Thymus

The thymus extends from below the thyroid in the neck into the thoracic cavity. As mentioned in chapter 11, this organ grows during childhood but gradually regresses after puberty. Lymphocytes from the fetal liver and spleen, and from the bone marrow postnatally, seed the thymus and become transformed into T cells. These lymphocytes, in turn, enter the blood and seed lymph nodes and other organs, where they divide to produce new T cells when stimulated by antigens.

Small T lymphocytes that have not yet been stimulated by antigens have very long life spans—months or perhaps years. Still, new T cells must be continuously produced to provide efficient cell-mediated immunity. This is particularly important following cancer chemotherapy and during HIV infection (in AIDS),



Characteristic

B Lymphocytes

T Lymphocytes

Site where processed

Bone marrow

Thymus

Type of immunity

Humoral (secretes antibodies)

Cell-mediated

Subpopulations

Memory cells and plasma cells

Cytotoxic (killer) T cells, helper cells, suppressor cells

Presence of surface antibodies

Yes—IgM or IgD

Not detectable

Receptors for antigens

Present—are surface antibodies

Present—are related to immunoglobulins

Life span

Short

Long

Tissue distribution

High in spleen, low in blood

High in blood and lymph

Percentage of blood lymphocytes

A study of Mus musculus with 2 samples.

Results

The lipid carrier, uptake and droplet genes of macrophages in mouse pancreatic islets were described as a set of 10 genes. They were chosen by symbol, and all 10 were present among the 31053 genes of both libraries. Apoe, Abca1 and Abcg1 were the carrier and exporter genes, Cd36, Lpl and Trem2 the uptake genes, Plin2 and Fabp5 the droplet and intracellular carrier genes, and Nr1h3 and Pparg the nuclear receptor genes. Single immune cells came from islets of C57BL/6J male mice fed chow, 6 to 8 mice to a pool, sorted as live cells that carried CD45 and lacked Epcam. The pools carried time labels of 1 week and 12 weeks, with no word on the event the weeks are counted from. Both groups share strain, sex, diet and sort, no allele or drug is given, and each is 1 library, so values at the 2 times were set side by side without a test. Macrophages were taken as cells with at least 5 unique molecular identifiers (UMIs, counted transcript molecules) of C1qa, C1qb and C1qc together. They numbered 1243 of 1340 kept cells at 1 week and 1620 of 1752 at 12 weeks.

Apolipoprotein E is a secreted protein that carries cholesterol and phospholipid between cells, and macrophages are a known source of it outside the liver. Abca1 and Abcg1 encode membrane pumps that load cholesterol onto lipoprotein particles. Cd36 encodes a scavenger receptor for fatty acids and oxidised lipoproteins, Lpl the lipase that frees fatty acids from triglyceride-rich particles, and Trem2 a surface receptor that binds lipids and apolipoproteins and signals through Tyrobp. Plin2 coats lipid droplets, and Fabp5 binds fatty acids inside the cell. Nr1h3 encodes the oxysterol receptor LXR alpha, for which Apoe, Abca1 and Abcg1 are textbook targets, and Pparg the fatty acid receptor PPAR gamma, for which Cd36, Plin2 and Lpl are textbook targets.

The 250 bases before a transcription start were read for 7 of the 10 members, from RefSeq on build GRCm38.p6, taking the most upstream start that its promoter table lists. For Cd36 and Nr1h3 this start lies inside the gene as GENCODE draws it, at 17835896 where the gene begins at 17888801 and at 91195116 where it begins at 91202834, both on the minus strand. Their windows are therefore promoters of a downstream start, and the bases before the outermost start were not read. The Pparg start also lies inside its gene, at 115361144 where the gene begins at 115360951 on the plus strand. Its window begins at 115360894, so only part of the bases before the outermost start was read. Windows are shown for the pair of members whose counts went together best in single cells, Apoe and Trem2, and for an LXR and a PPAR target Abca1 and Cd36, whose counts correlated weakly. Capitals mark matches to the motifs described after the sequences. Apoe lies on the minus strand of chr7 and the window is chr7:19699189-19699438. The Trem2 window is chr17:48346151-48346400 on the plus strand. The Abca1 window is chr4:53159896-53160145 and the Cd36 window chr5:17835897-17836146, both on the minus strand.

10%—15%

75%—80%

Transformed by antigens to

Plasma cells

Activated lymphocytes

Secretory product

Antibodies

Lymphokines

Immunity to viral infections

Enteroviruses, poliomyelitis

Most others

Immunity to bacterial infections

Streptococcus, Staphylococcus, many others

Tuberculosis, leprosy

Immunity to fungal infections

None known

Many

Immunity to parasitic infections

Trypanosomiasis, maybe to malaria

Most others

Table 15.5 Summary of Events in a Local Inflammation

Category

Events

Innate (Nonspecific) Immunity

Bacteria enter a break in the skin.

Resident phagocytic cells—neutrophils and macrophages—engulf the bacteria. Nonspecific activation of complement proteins occurs.

Adaptive (Specific) Immunity

B cells are stimulated to produce specific antibodies.

Phagocytosis is enhanced by antibodies attached to bacterial surface antigens (opsonization).

Specific activation of complement proteins occurs, which stimulates phagocytosis, chemotaxis of new phagocytes to the infected area, and secretion of histamine from tissue mast cells. Extravasation (diapedesis) allows new phagocytic leukocytes (neutrophils and monocytes) to invade the infected area. Vasodilation and increased capillary permeability (as a result of histamine secretion) produce redness and edema.

when the population of T lymphocytes has been depleted. Under these conditions, the thymus can replenish the T lymphocyte population through late childhood. Repopulation of T lymphocytes occurs more slowly in adulthood, and appears to be accomplished mostly by production of T lymphocytes in the secondary lym-phoid organs rather than in the thymus. This is because the thymus of adults becomes more of a fatty organ, although production of lymphocytes in the thymus has been demonstrated to occur to some extent even in people over the age of 70.